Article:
In the line of fire

In the line of fire

Vet clinics safe in heavy Calif. fire, but shelters are filling up
Jul 10, 2008
By staff
Butte County, Calif. - Veterinary clinics throughout a rural county about 90 miles north of Sacramento have managed to stay out of the line of fire so far, but many residents have been forced to flee from their homes and take their animals with them as fires continue to blaze around them.

The 49,000-acre Butte Lightning Complex Fire, started by lightning June 21 and made worse by high temperatures and dry conditions, is threatening thousands of homes. As July began, the fire covered only about 17,000 acres, but local emergency shelters already were housing about 200 animals.

By July 10, after two days of significant fire growth, the North Valley Animal Disaster Group (NVADG) reported it was sheltering more than 500 animals at two shelters in neighboring cities, with more and more coming in.

The fire is only about half contained, according to the California Department of Forestry and Fire Protection, and is estimated to have cost nearly $40 million in damage already. Conditions were predicted to worsen throughout the day July 10, but local emergency workers say they are hopeful cooler temperatures in the forecast will help firefighters control the spread of the blaze.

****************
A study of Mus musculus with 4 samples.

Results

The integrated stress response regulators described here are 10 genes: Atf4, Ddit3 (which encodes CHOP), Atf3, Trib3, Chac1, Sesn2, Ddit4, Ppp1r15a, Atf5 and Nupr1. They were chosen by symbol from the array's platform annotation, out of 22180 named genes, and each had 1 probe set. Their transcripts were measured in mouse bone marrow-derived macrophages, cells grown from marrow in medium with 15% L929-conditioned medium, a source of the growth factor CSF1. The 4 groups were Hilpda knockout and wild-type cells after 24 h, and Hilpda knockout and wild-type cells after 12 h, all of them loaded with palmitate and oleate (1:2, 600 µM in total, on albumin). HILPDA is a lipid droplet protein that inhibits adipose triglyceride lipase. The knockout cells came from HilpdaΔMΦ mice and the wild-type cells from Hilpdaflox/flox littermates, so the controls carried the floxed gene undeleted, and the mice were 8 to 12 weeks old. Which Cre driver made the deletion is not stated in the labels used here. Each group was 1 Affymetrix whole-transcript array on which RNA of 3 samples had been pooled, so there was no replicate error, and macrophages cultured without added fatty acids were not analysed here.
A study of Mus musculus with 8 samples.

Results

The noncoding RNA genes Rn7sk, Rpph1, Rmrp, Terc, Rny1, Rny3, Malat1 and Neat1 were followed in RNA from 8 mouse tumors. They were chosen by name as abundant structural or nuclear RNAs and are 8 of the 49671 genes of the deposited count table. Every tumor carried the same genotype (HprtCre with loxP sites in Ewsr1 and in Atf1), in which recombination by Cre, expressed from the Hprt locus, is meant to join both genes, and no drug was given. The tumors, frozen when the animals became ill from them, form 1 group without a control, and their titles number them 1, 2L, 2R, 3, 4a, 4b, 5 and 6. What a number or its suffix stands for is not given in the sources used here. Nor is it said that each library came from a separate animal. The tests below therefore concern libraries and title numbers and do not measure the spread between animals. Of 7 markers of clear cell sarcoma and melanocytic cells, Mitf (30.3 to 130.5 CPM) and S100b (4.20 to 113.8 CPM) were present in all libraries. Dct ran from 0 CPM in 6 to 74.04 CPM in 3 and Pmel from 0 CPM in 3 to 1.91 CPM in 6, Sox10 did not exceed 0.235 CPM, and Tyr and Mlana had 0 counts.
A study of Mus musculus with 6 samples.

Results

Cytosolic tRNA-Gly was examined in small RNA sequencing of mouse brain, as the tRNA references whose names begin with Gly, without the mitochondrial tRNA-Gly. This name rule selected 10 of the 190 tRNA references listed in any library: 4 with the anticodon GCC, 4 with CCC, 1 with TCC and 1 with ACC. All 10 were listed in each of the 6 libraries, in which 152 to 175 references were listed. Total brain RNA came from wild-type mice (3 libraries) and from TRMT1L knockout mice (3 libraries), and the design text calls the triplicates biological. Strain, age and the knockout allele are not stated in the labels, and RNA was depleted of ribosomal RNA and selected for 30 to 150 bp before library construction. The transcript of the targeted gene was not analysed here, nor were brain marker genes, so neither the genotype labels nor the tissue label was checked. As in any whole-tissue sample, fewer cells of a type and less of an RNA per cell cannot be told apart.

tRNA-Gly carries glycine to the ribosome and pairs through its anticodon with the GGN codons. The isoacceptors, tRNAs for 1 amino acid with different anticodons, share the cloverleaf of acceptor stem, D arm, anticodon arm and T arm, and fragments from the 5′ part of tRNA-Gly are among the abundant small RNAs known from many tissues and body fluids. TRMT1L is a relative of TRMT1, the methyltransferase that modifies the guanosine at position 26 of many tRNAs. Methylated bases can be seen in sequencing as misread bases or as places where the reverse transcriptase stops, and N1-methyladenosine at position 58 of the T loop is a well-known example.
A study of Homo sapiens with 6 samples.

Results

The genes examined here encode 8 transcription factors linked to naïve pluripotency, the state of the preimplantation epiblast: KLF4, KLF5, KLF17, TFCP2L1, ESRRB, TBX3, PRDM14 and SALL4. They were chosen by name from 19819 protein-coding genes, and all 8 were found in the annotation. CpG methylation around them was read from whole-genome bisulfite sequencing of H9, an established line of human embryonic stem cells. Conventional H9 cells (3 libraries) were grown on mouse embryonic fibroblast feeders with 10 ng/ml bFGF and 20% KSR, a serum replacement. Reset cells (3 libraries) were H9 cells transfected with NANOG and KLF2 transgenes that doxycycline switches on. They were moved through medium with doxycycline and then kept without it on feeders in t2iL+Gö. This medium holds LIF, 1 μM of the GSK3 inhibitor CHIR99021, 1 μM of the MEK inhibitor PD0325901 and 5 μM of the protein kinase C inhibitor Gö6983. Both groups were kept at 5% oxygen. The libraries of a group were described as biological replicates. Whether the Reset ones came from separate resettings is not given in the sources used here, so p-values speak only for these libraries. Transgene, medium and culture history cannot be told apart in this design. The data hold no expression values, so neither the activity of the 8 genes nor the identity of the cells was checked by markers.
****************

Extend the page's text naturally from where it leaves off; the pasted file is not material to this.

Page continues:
It's mostly residences that have been damaged or destroyed to date, according to the state, and no deaths have been reported. Some local veterinary clinics were evacuated due to smoke, but none were in the heaviest fire area, which is mainly rural. Look Ahead Veterinary Services is the most rural practice in the area and closest to the fire, but hasn't reported any fire damage - only a lot of animals to board while their owners seek shelter.

Las Plumas High School in Oroville is one of the shelters being monitored by NVADG and still is accepting small animals, though owners are asked to bring their own cages. Chico State Farm was sheltering large animals, but is at capacity and owners are being asked to find private boarders, according to NVADG.

Many local veterinarians are volunteering at the NVADG shelters, according to one of its volunteer workers, but NVADG Founder John Maretti says there are no veterinary medical assistance teams (VMAT) are present.